Eating Your Way To Better Mental Health

Eating Your Way To Better Mental Health

While it is well known that eating lots of fruits and vegetables can be good for your physical health, recent studies show that an increase in the consumption of good and healthy foods can result in an improvement in your psychological well-being and your long-term life satisfaction as well.

‘When we come to understand that finding well-being along our food journey lies in the experience of food, we begin to choose our meals and prepare them with a new outcome in mind. By changing the experience of food preparation, eating becomes well-being. And when we eat better, we feel better,’ said Chantal Lascaris, author of The Ultimate Salad Book.

Lascaris has compiled six helpful (and delicious) salad suggestions to keep in mind when it comes to eating your way to improved mental and physical well-being.

Eat your vegetables raw. From the staples of lettuce and spinach, to chopped carrots and cucumber, raw vegetables are packed with fibre and plant compounds that offer an array of benefits for your health. A study of 422 young adults found that eating raw vegetables was associated with good mental health and mood.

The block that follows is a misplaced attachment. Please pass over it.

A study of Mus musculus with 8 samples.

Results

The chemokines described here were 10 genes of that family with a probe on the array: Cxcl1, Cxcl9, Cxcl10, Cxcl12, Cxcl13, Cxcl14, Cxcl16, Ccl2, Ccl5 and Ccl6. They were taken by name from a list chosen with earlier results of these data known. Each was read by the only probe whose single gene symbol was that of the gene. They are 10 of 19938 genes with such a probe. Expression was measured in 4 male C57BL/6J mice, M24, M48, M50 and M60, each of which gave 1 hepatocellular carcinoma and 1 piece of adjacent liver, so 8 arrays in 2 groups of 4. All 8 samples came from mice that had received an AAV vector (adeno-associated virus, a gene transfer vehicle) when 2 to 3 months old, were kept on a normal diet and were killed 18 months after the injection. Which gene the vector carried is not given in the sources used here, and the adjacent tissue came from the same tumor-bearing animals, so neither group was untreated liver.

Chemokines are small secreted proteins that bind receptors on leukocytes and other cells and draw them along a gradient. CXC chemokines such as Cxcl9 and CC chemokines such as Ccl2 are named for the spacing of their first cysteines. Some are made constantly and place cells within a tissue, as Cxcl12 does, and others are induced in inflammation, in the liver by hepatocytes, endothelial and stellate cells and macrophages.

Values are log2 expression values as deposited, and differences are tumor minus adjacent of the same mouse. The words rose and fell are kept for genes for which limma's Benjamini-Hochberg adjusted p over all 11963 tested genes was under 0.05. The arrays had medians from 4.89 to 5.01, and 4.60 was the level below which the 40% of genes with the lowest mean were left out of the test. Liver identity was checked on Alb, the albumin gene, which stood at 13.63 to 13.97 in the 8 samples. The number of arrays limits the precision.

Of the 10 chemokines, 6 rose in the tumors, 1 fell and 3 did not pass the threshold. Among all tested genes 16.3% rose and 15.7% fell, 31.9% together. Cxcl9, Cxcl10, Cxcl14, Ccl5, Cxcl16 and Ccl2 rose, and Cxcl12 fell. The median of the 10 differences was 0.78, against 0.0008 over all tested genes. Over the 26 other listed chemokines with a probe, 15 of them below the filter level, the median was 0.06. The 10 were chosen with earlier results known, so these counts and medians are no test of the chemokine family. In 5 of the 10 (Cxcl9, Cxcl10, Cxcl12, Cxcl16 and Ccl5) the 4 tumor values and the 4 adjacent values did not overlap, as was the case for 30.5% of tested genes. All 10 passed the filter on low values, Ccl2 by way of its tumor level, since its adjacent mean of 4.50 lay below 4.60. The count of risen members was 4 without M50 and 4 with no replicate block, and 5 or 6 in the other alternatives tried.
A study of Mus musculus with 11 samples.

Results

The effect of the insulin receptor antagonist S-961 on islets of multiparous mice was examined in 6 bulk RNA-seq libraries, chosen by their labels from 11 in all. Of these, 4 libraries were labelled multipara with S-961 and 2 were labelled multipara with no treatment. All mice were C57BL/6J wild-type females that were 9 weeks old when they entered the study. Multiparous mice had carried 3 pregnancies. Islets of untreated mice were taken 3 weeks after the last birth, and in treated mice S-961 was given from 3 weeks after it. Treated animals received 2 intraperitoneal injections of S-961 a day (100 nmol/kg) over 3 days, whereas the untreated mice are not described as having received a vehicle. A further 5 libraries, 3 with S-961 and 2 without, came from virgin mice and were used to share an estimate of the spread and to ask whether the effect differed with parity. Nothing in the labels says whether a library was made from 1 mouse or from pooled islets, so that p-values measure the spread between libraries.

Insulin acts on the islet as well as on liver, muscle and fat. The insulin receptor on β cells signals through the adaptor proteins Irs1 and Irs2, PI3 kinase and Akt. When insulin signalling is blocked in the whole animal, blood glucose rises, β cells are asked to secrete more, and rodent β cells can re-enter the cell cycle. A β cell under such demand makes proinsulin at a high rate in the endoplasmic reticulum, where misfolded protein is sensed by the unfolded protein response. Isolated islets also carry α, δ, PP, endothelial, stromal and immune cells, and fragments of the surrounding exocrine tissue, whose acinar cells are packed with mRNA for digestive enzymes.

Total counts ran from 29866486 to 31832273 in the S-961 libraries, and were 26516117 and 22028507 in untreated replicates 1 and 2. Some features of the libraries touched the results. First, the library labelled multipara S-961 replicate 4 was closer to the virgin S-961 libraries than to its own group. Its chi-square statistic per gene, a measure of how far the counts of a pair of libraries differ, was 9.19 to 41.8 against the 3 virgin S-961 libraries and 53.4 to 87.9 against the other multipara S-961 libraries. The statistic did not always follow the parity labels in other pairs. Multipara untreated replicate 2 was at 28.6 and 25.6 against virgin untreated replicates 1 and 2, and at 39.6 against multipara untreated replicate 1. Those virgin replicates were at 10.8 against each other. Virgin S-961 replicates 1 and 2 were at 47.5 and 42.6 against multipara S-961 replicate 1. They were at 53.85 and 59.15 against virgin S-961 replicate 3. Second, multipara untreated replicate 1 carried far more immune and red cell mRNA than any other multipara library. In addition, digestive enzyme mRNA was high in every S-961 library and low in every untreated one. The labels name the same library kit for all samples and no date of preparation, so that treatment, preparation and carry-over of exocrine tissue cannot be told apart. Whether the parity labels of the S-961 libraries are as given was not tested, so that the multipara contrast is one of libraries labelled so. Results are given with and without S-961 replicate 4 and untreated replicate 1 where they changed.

Go nuts! While you may not have previously thought to include nuts and seeds in your salads, options like pistachios, walnuts, pumpkin seeds, almonds and peanuts all make for highly nutritious additions. A word of caution, however, is to look for the raw or dry-roasted varieties to ensure you aren’t crunching on something that is loaded with added salt, sugar and other preservatives.

A Protein Fix. Eating salads doesn’t mean that you need to cut chicken, fish or meat from your diet. In fact, several studies have shown a direct link between meat consumption and lower levels of depression and anxiety.

Right as grain. Adding whole grains, such as cooked brown rice, quinoa and barley to your salads brings a new texture to the dish, with a variety of new flavours as well. Available at most grocery stores, they are a good source of fibre and protein, helping you to feel full and satisfied for longer.

A fruitful outcome. Even though most people tend to think of salads as a combination of vegetables, fresh fruit can be added as a different and delicious topping – with added health benefits. The nutrients found in both fruit and vegetables can have a positive impact on our brain chemistry, which in turn positively influences our mood, memory and cognitive abilities. A diet that is high in these things also tends to reduce the risk of being diagnosed with an anxiety disorder – making regular salads as good for you, as they are to eat!

Herbs and more herbs. You are likely no stranger to using herbs to add flavour or fragrance to a dish. And doing so with your salads brings its own benefits. Fresh herbs like basil, mint, rosemary, parsley, sage and coriander bring unique flavours to any salad, as well as some interesting health effects. Research has shown, for example, that a compound in rosemary and sage may have anti-cancer properties, while cilantro may help to fight inflammation.